Action: Treat bats for infection with white-nose syndrome
COMMUNITY RESPONSE (0 STUDIES)
POPULATION RESPONSE (1 STUDY)
- Survival (1 study): One randomized, replicated, controlled study in Canada found that treating little brown bats with a probiotic bacterium at the time of infection with white-nose syndrome increased survival, but treating bats 21 days prior to infection had no effect.
- Condition (1 study): One randomized, replicated, controlled study in Canada found that treating little brown bats with a probiotic bacterium at the time of infection with white-nose syndrome reduced the symptoms of the disease, but treating bats 21 days prior to infection made symptoms worse.
USAGE (0 STUDIES)
Various treatments for bats infected with white-nose syndrome have been suggested including antifungal agents, antimicrobial and enzyme inhibitors, and ultraviolet light. Some treatments have been tested on the white-nose syndrome fungus Pseudogymnoascus destructans in laboratories (e.g. Cornelison et al 2014), but we found only one study that tested a treatment on infected bats in a laboratory.
Cornelison C.T., Keel M.K., Gabriel K.T., Barlament C.K., Tucker T.A., Pierce G.E. & Crow S.A. (2014) A preliminary report on the contact-independent antagonism of Pseudogymnoascus destructans by Rhodococcus rhodochrous strain DAP96253. BMC Microbiology, 14, 246.
Supporting evidence from individual studies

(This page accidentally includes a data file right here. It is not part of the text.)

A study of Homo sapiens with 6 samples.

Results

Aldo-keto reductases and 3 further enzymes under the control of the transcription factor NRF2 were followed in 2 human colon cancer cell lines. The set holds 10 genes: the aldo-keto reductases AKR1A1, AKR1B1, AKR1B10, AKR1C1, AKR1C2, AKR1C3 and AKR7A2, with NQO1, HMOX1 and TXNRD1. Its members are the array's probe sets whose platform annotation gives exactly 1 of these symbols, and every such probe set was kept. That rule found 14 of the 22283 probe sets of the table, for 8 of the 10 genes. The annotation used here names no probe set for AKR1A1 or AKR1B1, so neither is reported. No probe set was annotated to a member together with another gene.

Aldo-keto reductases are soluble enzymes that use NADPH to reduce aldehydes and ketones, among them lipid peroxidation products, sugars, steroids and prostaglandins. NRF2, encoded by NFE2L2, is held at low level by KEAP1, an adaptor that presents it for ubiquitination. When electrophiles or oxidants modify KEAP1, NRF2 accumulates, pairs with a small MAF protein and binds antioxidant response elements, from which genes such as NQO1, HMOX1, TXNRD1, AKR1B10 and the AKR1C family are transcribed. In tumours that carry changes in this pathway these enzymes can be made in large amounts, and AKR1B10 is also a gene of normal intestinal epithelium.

A randomized, replicated, controlled study in 2013–2015 in a laboratory in Manitoba, Canada (Cheng et al 2017) found that treating bats with a probiotic bacterium Pseudomonas fluorescens at the time of, but not 21 days prior, to infection with white-nose syndrome reduced symptoms and increased survival. For bats that received the probiotic treatment at the time of white-nose syndrome infection, four of five disease symptoms were significantly lower than for untreated, infected control bats (data reported as statistical model results). For bats that received the treatment 21 days prior to infection, all five symptoms were significantly greater than for untreated, infected control bats. Bats that received the probiotic treatment at the time of infection also had significantly higher survival rates (71% of bats survived after 185 days) than untreated, infected control bats (18% of bats survived). Survival rates between all other treatment groups did not differ significantly. Eighty-five little brown bats Myotis lucifugus were collected from a hibernaculum and equally divided into five treatment groups (probiotic treatment 21 days prior to white-nose syndrome infection, probiotic treatment at time of infection, probiotic treatment only, infection with white-nose syndrome only, no treatment). Bats were monitored for up to 185 days during hibernation.